Many GPs 'considering quitting'
GPs say their morale is low
One in six GPs is thinking of quitting general practice, a British Medical Association (BMA) poll finds.

Doctors' leaders blamed low morale on fears about NHS privatisation, and the undermining of the core values of general practice.

More than half the 11,000 GPs who took part in the survey (53.2%) said things were worse now than five years ago.

Nearly two-thirds (63.1%) said NHS changes over the past decade have made it harder to practise good medicine.

GPs are worried about the future of general practice in this country
Dr Laurence Buckman
British Medical Association

The BMA said GPs were uneasy about policies which they saw as putting cost-cutting ahead of quality, and said doctors had been subjected to a long-running "doctor-bashing" campaign.

The survey found only 51.9% would recommend a career as a GP to an undergraduate.

Laurence Buckman, chairman of the BMA's General Practitioners Committee said: "GPs are worried about the future of general practice in this country.

"They have concerns about the negative impact current policies could ultimately have on patient care and they feel they are being attacked for achieving and surpassing government targets."

Fragmented care

Dr Buckman said doctors could see the case for limited use of private providers to deliver NHS care, but most thought the widespread use of the private sector in primary care would do nothing to improve quality of services to patients.

He said doctors were also worried that the doctor-patient relationship was under threat from reforms which they fear could make care more remote and fragmented.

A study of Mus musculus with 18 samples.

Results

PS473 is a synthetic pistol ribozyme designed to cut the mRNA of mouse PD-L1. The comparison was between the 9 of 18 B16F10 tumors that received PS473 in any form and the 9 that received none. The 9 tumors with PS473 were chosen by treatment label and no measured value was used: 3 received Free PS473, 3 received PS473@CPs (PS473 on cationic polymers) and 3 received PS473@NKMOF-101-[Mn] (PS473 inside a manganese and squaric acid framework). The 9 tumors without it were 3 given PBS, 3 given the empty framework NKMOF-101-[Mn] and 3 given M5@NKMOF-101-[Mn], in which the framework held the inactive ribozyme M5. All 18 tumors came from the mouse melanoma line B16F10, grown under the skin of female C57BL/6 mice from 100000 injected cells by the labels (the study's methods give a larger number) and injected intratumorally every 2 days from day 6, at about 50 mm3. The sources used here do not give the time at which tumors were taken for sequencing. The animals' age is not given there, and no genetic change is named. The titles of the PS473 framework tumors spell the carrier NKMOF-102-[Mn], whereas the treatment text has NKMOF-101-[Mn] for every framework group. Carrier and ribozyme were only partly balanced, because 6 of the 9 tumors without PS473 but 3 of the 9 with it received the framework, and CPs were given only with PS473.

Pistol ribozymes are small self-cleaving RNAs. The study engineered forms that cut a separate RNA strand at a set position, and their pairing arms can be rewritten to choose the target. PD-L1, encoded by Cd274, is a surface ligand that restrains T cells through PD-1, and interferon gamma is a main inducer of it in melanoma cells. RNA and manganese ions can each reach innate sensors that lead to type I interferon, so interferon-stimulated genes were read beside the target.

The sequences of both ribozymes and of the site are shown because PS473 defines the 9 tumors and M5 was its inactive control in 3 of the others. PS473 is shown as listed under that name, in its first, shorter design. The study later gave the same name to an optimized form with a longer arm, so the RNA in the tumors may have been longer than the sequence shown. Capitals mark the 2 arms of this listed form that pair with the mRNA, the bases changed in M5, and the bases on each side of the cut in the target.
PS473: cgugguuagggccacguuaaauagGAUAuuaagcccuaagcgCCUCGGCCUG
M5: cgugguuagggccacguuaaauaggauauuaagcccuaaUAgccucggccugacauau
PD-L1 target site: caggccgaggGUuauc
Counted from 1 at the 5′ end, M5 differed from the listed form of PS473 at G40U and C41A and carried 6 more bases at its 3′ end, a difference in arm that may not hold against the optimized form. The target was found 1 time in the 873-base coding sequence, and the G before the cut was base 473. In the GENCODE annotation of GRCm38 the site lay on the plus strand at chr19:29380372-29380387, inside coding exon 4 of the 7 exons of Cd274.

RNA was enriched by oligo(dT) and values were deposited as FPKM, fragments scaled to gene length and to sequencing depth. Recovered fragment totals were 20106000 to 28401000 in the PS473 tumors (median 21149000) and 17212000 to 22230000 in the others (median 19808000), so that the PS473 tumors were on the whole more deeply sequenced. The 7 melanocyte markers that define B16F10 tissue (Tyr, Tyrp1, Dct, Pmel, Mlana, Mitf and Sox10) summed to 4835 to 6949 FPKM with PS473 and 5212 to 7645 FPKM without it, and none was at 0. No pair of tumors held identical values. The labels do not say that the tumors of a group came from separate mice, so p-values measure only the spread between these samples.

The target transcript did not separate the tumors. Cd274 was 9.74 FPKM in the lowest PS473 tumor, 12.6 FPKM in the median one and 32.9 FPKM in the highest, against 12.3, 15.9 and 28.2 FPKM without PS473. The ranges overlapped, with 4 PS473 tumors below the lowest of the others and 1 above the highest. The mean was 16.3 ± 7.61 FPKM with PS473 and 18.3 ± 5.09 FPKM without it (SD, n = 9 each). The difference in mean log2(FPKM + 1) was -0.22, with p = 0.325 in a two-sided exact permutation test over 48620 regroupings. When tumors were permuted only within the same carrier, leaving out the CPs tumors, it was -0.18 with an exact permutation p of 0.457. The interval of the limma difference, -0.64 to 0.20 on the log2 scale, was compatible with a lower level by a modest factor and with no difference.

The survey also found 53.3% of GP partners would consider extending opening hours if the resources were available.

But 72.5% did not believe it is a good use of NHS resources.

Nine in 10 doctors also said the complexity of consultations has increased since the introduction of the new contract.

Many doctors believe they have received unfair treatment in the media over significant pay increases since the introduction of a new GP contract.

Figures show that in the first year of that contract GPs earned an average of 100,000.

A Department of Health spokesman said: "Extra investment has improved both the range and quality of services provided to patients by their GPs and delivered better working arrangements for practitioners."

But Norman Lamb, Liberal Democrat health spokesman, said: "Ministers' talk about consulting doctors over reforming the NHS is meaningless if doctors feel left out in the cold.

"Unless you get doctors on side, government reforms will be doomed to failure."